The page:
UK - The Pension Regulator (TPR) is targeting poor record keeping with a consultation on new proposals for "good practice" guidelines for trustees and administrators, as evidence suggests poor practice significantly adds to the scheme's costs.

TPR revealed in the consultation paper it aims to work with pension schemes to tackle problem areas such as poor quality legacy data, a lack of common standards on what is good or poor data and a lack of appreciation of the importance of administration by both employers and trustees.

TPR suggested the problems of poor record-keeping are mainly highlighted at particular events such as wind-up of schemes, assessment for entry into the Pension Protection Fund (PPF), or a scheme buyout.

In particular, TPR has warned poor administration could add up to 5% to the cost of a scheme buyout, as key membership data such as postcode information is used to determine longevity risk, while in some cases, the regulator suggested, providers could decline to quote for the business at all or refuse to take any data risk relating to member records.

The consultation also revealed inadequate or missing records increases the length of time spent by a scheme in the assessment period of the PPF, as this produces problems in verifying member existence and entitlements.

Problems have already been experienced as out of 27 schemes currently in the PPF assessment period, 17 have missing or incorrect payroll records, 20 are missing postcodes and 23 are missing whole addresses.

As a result, TPR is consulting on three specific steps to be implemented by trustees and providers as recommended "good practice", which are:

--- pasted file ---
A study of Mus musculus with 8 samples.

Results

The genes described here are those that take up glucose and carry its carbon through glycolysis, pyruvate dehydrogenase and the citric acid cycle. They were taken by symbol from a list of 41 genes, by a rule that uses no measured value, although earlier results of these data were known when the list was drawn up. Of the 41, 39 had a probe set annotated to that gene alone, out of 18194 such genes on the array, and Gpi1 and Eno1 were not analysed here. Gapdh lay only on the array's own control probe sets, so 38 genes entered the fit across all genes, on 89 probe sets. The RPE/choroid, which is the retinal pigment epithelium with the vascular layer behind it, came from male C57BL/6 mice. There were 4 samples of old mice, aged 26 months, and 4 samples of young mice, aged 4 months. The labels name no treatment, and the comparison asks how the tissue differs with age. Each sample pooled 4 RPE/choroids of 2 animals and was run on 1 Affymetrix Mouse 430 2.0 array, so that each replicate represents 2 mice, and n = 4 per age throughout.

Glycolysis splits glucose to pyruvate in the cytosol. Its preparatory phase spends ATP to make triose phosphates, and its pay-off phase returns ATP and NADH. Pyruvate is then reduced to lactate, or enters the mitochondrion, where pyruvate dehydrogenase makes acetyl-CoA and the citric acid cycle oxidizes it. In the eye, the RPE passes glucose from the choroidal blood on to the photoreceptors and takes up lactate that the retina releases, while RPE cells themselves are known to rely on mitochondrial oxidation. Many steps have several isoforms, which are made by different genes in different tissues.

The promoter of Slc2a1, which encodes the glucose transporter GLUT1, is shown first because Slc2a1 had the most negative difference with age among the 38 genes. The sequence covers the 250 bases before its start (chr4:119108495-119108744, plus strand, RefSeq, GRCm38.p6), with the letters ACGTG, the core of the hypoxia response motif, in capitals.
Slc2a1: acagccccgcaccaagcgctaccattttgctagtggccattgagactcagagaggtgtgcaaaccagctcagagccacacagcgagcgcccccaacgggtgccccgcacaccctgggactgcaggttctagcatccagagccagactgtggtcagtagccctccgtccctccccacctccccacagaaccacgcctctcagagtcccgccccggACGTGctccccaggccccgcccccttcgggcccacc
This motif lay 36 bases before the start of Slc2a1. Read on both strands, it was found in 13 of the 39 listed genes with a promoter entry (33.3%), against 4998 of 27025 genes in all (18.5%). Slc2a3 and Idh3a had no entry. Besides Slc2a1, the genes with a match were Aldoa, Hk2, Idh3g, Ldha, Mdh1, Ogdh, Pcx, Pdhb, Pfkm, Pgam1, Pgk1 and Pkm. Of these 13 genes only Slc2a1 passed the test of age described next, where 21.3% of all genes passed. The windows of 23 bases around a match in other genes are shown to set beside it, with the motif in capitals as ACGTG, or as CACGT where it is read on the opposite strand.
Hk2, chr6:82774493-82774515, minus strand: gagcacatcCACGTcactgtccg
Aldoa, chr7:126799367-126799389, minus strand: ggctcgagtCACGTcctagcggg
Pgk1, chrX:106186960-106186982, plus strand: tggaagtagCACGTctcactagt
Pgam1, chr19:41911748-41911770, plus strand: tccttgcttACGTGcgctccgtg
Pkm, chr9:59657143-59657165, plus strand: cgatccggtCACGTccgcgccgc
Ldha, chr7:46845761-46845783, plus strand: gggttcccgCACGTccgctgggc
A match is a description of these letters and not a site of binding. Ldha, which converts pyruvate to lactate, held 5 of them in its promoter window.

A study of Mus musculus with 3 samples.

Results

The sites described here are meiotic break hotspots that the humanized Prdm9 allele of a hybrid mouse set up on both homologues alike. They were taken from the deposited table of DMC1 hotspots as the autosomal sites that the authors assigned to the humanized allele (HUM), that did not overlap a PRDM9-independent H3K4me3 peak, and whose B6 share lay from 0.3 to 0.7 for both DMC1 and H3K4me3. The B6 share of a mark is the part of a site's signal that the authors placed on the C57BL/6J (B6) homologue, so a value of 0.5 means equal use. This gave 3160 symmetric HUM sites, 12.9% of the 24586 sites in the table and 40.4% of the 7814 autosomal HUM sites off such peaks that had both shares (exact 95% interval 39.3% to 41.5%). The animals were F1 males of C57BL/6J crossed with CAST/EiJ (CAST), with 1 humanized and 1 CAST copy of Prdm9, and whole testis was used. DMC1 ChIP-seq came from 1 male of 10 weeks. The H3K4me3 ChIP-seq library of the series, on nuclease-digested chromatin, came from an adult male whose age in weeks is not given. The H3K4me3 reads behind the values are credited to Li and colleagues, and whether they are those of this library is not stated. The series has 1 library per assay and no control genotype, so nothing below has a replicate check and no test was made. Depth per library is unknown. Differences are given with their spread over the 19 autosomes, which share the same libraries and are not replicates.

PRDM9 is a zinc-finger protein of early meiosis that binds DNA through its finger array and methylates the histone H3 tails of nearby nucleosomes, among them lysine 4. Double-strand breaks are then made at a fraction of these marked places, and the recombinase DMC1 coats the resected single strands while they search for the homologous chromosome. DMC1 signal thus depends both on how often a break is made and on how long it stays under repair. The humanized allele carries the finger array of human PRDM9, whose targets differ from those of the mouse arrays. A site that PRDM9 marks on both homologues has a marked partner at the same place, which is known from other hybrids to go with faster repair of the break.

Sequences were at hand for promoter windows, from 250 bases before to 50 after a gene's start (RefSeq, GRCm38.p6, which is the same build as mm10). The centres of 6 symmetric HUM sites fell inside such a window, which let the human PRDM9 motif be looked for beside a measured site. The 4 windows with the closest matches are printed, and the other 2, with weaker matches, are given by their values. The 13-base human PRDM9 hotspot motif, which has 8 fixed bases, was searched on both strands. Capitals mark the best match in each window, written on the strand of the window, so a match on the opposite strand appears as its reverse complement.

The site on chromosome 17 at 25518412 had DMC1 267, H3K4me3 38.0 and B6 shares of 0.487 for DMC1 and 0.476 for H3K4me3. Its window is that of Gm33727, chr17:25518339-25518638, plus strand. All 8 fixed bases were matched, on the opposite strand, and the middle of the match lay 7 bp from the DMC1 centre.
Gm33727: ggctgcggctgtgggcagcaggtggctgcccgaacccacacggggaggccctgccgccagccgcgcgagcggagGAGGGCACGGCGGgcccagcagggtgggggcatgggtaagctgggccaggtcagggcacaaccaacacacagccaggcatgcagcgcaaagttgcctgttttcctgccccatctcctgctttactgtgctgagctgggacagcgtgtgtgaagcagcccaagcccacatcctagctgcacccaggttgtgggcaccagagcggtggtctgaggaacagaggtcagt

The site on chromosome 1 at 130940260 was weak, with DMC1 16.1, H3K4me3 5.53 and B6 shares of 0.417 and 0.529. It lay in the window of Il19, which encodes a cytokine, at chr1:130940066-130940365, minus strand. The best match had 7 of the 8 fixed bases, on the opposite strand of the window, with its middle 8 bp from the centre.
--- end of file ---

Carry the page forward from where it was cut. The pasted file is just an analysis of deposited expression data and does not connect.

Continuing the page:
A benchmark for the presence of core information about every member Whether trustees/providers should identify and measure additional information required to administer their particular scheme, and if so should they develop a plan to obtain the additional information Whether TPR should consider - at a later date - introducing benchmarks for the presence of additional information.

In addition, TPR proposed trustees should make an annual statement of the key risks the scheme faces and the actions it intends to take to mitigate them, although it pointed out it expects the proposals to apply to all workplace pension schemes.

This includes contract-based schemes and those such as group personal pensions (GPPs) which are regulated by the Financial Services Authority (FSA), as it confirmed it has already consulted with the FSA on the proposals before publication.

The consultation follows the recent results of TPR's Governance Survey 2008 in which it revealed 79% of trust-based schemes rely on third-party administrators for their main administration services, an increase from 66% in 2006. (See earlier article: Trustees concerned over transfer incentives - TPR)

TPR stressed it is deliberately targeting a "modest" approach focusing on the provision of "core" data, which includes fundamental information essential to paying benefits, such as National Insurance (NI) numbers, date of birth and date of joining the scheme.

Justin Wray, head of pensions administration and governance at TPR, said: "We will review this. But it's better to start with something modest that will be implemented than something overly complicated and over ambitious."

TPR said the proposals should be taken in the context of a rapidly changing pensions industry, as Wray claimed "the move to a DC world and with the introduction personal accounts in 2012, record keeping is becoming more important".

However, the organisation confirmed there would be no time limit for the implementation of the "good practice" and suggested for defined benefit (DB) schemes the most appropriate time might be at the time of its next triennial valuation.

Tony Hobman, chief executive of TPR, said: "The quality of record-keeping has a huge impact on all aspects of administration of a pension scheme. We wish to raise awareness of this essential aspect of pension scheme governance and welcome views on the approach set out in the consultation."

The consultation closes to submissions on October 15 2008.